Monday, May 25, 2015

Gérôme on Truth, Illustration, and Photography

Late in his life, academic painter and teacher Jean-Léon Gérôme (1824-1904) wrote a statement of his beliefs about art.



"The fact is that truth is the one thing truly good and beautiful; and, to render it effectively, the surest means are those of mathematical accuracy. Nature alone is audacious above anything human; she alone is original and picturesque. It is, then, to her that we must become attached if we wish to interest and enthuse the spectator."

Illustration by Howard Pyle
"The art of illustration has made progress. It is more documentary, but none the less artistic. From this point of view the Americans excel. They have learned how to make use of the document and to make it serve their purpose. In this, instantaneous photography has been of inestimable assistance…. From all this one must conclude that our sense of sight is not as well developed as that of the Greeks or of the Japanese, and that it is not one of our gifts to observe with sufficient attention the various aspects of nature when in rapid motion."

Jean-Léon Gérôme - Diogenes, 1860, Walters Art Gallery
"When one is young and inexperienced one prefers the art of sentiment, and has even the false idea that too much study, too much truth, take away from work its light and its movement. When one has grown old in the harness, when one has worked for many years, observed well, compared well, ideas change. The artist should be a poet in conception, a determined, honest, and sincere workman in the execution. One must put into his work an artistic probity, and, above all, work, work. But there can be no serious and durable work if it is not based upon reason and mathematical accuracy.—if, in a word, art is not allied to science."

3 comments:

Sesco said...

I happen to agree with Mr. Gerome, regarding the notion that an artist must be artistic in conception, but I part ways with the idea that the execution must be workmanlike. I personally enjoy the artistic conception along with the artistic/poetic SUGGESTION OF this conception, as opposed to the workmanlike documentary of photographic accuracy. The Impressionists were gaining ground in the late 1800's, and Mr. Gerome died in 1904, so depending upon when these quotes were written I would assume these sentiments, coming from an academic especially, were crystallized in response to this new movement.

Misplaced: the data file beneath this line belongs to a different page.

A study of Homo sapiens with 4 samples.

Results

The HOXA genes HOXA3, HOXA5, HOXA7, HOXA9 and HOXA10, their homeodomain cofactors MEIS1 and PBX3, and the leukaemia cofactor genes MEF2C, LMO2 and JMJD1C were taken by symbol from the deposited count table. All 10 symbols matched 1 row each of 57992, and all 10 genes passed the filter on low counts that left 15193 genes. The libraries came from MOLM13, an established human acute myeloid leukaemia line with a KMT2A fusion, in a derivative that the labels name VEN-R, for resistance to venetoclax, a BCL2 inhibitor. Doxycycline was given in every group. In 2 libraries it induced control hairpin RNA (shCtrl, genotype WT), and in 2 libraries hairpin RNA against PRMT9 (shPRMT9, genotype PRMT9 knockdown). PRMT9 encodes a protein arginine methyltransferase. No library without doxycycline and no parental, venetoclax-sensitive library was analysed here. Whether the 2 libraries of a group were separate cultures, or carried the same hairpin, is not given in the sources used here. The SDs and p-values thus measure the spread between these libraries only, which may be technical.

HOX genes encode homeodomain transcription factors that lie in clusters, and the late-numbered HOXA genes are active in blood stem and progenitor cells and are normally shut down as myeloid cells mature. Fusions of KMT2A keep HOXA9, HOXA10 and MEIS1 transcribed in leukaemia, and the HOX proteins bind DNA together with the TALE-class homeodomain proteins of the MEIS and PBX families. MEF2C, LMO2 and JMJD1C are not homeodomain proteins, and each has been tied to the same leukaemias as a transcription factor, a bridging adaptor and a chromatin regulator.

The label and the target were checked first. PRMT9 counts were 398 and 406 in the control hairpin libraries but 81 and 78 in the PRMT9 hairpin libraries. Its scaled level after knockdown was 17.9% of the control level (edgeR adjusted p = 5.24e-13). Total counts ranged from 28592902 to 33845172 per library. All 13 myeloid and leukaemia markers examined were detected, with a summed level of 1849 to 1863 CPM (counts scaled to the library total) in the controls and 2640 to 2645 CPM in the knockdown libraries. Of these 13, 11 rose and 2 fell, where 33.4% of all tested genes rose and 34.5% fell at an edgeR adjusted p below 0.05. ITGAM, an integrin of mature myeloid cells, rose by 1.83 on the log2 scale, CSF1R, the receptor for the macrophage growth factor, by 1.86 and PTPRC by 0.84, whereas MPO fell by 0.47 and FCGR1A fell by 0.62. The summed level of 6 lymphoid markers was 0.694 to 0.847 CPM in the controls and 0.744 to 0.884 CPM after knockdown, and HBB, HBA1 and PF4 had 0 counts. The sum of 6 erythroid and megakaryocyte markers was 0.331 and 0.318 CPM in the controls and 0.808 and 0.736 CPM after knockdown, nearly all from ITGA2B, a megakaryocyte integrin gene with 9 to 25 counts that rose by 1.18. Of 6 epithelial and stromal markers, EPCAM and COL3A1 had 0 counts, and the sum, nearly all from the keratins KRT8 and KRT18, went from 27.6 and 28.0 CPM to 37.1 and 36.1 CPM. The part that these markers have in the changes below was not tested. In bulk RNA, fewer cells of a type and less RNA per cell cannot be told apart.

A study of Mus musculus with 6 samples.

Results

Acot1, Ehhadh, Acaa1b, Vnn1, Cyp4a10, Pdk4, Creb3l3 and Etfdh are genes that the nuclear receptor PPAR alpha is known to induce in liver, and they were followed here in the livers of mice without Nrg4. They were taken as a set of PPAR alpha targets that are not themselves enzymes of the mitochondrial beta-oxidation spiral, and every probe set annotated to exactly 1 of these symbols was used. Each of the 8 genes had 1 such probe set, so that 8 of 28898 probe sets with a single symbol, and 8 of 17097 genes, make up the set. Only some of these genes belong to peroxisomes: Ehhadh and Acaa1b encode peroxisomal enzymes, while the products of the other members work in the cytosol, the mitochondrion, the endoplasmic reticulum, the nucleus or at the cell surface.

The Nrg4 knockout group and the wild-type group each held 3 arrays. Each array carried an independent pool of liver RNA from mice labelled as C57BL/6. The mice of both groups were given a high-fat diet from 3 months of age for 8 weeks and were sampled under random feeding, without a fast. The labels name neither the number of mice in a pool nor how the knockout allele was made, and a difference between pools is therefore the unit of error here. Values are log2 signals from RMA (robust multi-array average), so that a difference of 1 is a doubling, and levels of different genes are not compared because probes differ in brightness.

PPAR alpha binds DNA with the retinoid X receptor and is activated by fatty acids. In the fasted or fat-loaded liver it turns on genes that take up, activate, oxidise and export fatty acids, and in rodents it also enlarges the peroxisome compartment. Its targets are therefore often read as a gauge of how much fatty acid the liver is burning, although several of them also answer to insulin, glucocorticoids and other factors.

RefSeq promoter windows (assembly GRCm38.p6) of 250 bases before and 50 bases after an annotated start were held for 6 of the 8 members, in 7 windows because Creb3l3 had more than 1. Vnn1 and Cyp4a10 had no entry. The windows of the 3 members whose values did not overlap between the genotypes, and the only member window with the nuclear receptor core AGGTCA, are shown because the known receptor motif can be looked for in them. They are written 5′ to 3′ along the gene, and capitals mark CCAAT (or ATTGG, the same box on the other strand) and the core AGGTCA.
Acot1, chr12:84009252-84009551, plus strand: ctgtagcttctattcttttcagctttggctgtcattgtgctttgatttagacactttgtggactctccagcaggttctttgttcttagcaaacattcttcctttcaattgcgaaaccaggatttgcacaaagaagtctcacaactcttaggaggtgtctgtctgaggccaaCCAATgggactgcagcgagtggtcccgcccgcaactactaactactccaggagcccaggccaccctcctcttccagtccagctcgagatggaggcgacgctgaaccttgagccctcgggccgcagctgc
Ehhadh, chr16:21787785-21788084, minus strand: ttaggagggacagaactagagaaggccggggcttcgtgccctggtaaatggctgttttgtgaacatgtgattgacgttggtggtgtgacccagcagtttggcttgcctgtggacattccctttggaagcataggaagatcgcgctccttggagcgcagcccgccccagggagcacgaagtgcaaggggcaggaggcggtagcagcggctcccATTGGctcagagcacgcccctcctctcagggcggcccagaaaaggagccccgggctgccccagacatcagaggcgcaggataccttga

Bobby La said...

The four golden attributes of all good art according to the late, great Robert Hughes when writing about Chardin - "To see Chardin's work en masse, in the midst of a period stuffed with every kind of jerky innovation, narcissistic blurting and trashy 'relevance', is to be reminded that lucidity, deliberation, probity and calm are still the chief virtues of the art of painting."

I think Gerome would nod approvingly.

Annie C Curtis said...

"From all this one must conclude that our sense of sight is not as well developed as that of the Greeks or of the Japanese..." is this, perhaps, like memory? Training memory to be able to sing an opera or act in a play, must be similar to artistic training to capture a scene, then interpret and balance it. Gerome seems to fall into the trap of believing there is only one truth, though.